By: David Boutcher  | Theirworld  |  Published on 11 Apr 2018

The ground-breaking Learning Generation report highlighted that 40% of employers around the world are already struggling to recruit people with the skills they need, it said “the ability to acquire new skills throughout life, to adapt and to work flexibly will be at a premium, as will technical, social, and critical thinking skills”.

Yet in light of this, the most revealing aspect of the report was its recognition that learning starts early in life with the under five-year olds and the benefits of this investment is seen well into adult years.
Evidence also shows that the positive impact of investing in pre-primary education are found to be the greatest for the most disadvantaged – who tend to be the least prepared when starting primary school.

The World Bank has already prioritised Early Childhood Development as “one of the smartest investments a country can make in its future” and world leaders added a target to the Sustainable Development Goals to ensure all girls and boys have access to quality early childhood development, care and pre-primary education so that they are ready for primary education”.

Economies around the world are recognising the need to give every child a strong learning journey if they are to cope with the future and manage their own families and communities. One study estimates that the return for investing in early childhood care and education of the most disadvantaged children can be as high as $17.

So the evidence is clear. But what is happening in practice?

A new report published this week by children’s charity Theirworld and written by Professor Pauline Rose and Asma Zubairi, of the REAL Centre, University of Cambridge, shows that pre-primary education receives just 1% of all aid funding going to pre-primary education.

This startling new evidence reflects the findings of an earlier report which showed that only 38 countries currently provide free compulsory pre-primary education – this means that 155 of the 193 who committed in 2015 to provide all children with pre-primary education so that they are ready for primary education by 2030 do not yet do so.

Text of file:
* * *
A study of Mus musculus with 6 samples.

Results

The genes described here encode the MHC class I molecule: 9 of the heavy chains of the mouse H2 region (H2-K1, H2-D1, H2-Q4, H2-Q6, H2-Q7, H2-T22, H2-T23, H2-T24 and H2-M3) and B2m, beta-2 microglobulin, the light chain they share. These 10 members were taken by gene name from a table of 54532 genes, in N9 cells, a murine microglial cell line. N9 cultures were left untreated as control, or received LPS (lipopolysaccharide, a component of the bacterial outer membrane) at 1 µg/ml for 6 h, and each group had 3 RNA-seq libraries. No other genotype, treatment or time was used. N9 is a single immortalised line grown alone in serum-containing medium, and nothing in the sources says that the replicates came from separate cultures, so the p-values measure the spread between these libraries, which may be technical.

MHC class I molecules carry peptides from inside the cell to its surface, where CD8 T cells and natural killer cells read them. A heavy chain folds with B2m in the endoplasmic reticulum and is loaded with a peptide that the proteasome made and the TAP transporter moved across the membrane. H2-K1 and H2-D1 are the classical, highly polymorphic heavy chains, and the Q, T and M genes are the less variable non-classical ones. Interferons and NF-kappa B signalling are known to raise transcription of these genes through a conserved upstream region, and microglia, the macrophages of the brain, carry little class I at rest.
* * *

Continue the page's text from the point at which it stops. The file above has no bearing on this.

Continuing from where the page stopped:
This is why a growing number of organisations with expertise in the early years are now calling for Donors and Governments to invest in Early Childhood Development.

This is a growing priority area for the Global Partnership for Education which is focused on providing access to quality education for the poorest and most marginalised children, as well as Education Cannot Wait, a fund supporting education in humanitarian emergencies and conflicts. Both organisations have a crucial role to play in supporting pre-primary education and champion investments in this area, as its easy to forget how important the early years are when looking at the scale of crises impacting children’s lives. The international finance facility for education will also make it possible for governments to invest even more in pre-primary education.

There is also growing interest in the early years from corporates around the world – such as Lego, Ikea and Discovery Learning – right through to the big IT companies such as Intel, HP and Microsoft who can all play a role. There is no lower age limit to what they provide.

The main call of the new research from Theirworld is for national Governments and aid donors to spend a minimum of 10% of their education budgets on pre-primary education to redress the missing piece in early years support.

The benefits go beyond creating an adaptable workforce able to cope with future changes in the workplace, the benefits are there for greater progress across all the Sustainable Development Goals.

About David Boutcher

David Boutcher is a Trustee and Secretary of Theirworld. He serves on the Executive Board of the Global Business Coalition for Education and represents the private sector on the Global Partnership for Education board.